A UNITED NATIONS committee has criticised the government for its failure to undertake an independent investigation into allegations of ill-treatment at Magdalene Laundries.
It said that it “deeply regrets” that the Irish State has failed to prosecute and punish perpetrators, which was a recommendation it had made previously.
Last month, Minister David Stanton told the UN Committee Against Torture that Ireland had a “strong human rights record” and hailed positive developments that have been made since the last report on the matter submitted to the UN in November 2015.
On the issue of investigations, accountability and redress in the context of Magdalene Laundries, the UN committee said that it had noted the creation of an “ex-gratia scheme that has provided over €25.5 million to 677 former Magdalene women to date”.
However, the committee also criticised the government for not undertaking an “independent, thorough and effective investigation” into the alleged ill-treatment of women and children in these institutions.
It said: “The committee is concerned at reports that the State party has not undertaken sufficient efforts to uncover all available evidence of abuses held by private institutions, nor taken adequate steps to ensure that victims are able to access information that could support their claims.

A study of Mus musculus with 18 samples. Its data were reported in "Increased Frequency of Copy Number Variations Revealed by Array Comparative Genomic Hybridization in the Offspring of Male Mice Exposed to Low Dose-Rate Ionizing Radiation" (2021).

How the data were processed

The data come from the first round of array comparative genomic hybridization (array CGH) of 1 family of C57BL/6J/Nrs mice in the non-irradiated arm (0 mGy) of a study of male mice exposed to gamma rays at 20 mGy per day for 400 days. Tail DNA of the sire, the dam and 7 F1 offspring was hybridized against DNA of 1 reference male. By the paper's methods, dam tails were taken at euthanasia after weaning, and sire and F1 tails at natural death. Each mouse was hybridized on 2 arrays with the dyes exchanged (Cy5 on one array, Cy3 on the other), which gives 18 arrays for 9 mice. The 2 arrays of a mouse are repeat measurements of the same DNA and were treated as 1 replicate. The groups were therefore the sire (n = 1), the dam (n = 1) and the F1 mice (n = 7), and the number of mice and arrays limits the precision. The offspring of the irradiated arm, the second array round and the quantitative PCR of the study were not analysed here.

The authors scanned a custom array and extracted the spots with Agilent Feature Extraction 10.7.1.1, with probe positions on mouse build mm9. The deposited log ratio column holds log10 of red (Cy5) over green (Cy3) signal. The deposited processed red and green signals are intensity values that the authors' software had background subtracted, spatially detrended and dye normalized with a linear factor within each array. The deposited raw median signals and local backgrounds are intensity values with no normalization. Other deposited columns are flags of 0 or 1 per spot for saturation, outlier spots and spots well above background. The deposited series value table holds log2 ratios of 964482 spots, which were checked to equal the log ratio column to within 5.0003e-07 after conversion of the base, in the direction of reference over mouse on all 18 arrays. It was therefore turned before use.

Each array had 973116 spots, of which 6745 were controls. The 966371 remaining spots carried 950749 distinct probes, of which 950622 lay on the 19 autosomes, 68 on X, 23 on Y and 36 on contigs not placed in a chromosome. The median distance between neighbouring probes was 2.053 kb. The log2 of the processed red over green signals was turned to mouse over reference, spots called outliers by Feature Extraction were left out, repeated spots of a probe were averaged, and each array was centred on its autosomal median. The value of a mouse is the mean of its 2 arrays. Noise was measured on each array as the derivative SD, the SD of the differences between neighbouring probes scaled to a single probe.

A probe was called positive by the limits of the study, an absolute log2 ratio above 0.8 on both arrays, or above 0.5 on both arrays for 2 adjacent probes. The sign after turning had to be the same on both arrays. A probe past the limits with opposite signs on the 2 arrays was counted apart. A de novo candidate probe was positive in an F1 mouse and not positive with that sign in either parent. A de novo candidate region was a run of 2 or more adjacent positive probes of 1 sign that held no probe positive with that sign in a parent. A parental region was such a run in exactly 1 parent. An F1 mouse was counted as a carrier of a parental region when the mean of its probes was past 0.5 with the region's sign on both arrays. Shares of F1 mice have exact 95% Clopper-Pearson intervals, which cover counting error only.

The committee is also concerned that the State party’s ex gratia payment scheme does not apply to all women who worked in the Magdalene Laundries.
The UN issued a number of recommendations to the government to address these failings.
This includes a “thorough, impartial investigation” into allegations of ill-treatment at these institutions, and ensuring that victims have the right to bring civil actions even if they’ve participated in the redress scheme.
On Mother and Baby Homes, the committee urged the government to “ensure that information concerning abuses in these institutions […] be made accessible to the public to the greatest extent possible”.
The committee also recommended that the independence and effectiveness of the Garda Síochana Ombudsman Commission (GSOC) be strengthened and that efforts are made to reduce overcrowding and violence among Ireland’s prisoner population.
Recommendations are also made in the context of violence against women in Ireland, including guaranteeing that allegations of sexual and domestic violence are promptly investigated and the provision of sufficient funding for victims to access medical and legal services.
Dublin Rape Crisis Centre CEO Noeline Blackwell said: “The recommendations that have come out from the Committee would definitely help to reduce the risk of harm from sexual violence for victims.
The recommendations are sensible, balanced and modest. They can be implemented if there is political will to do so.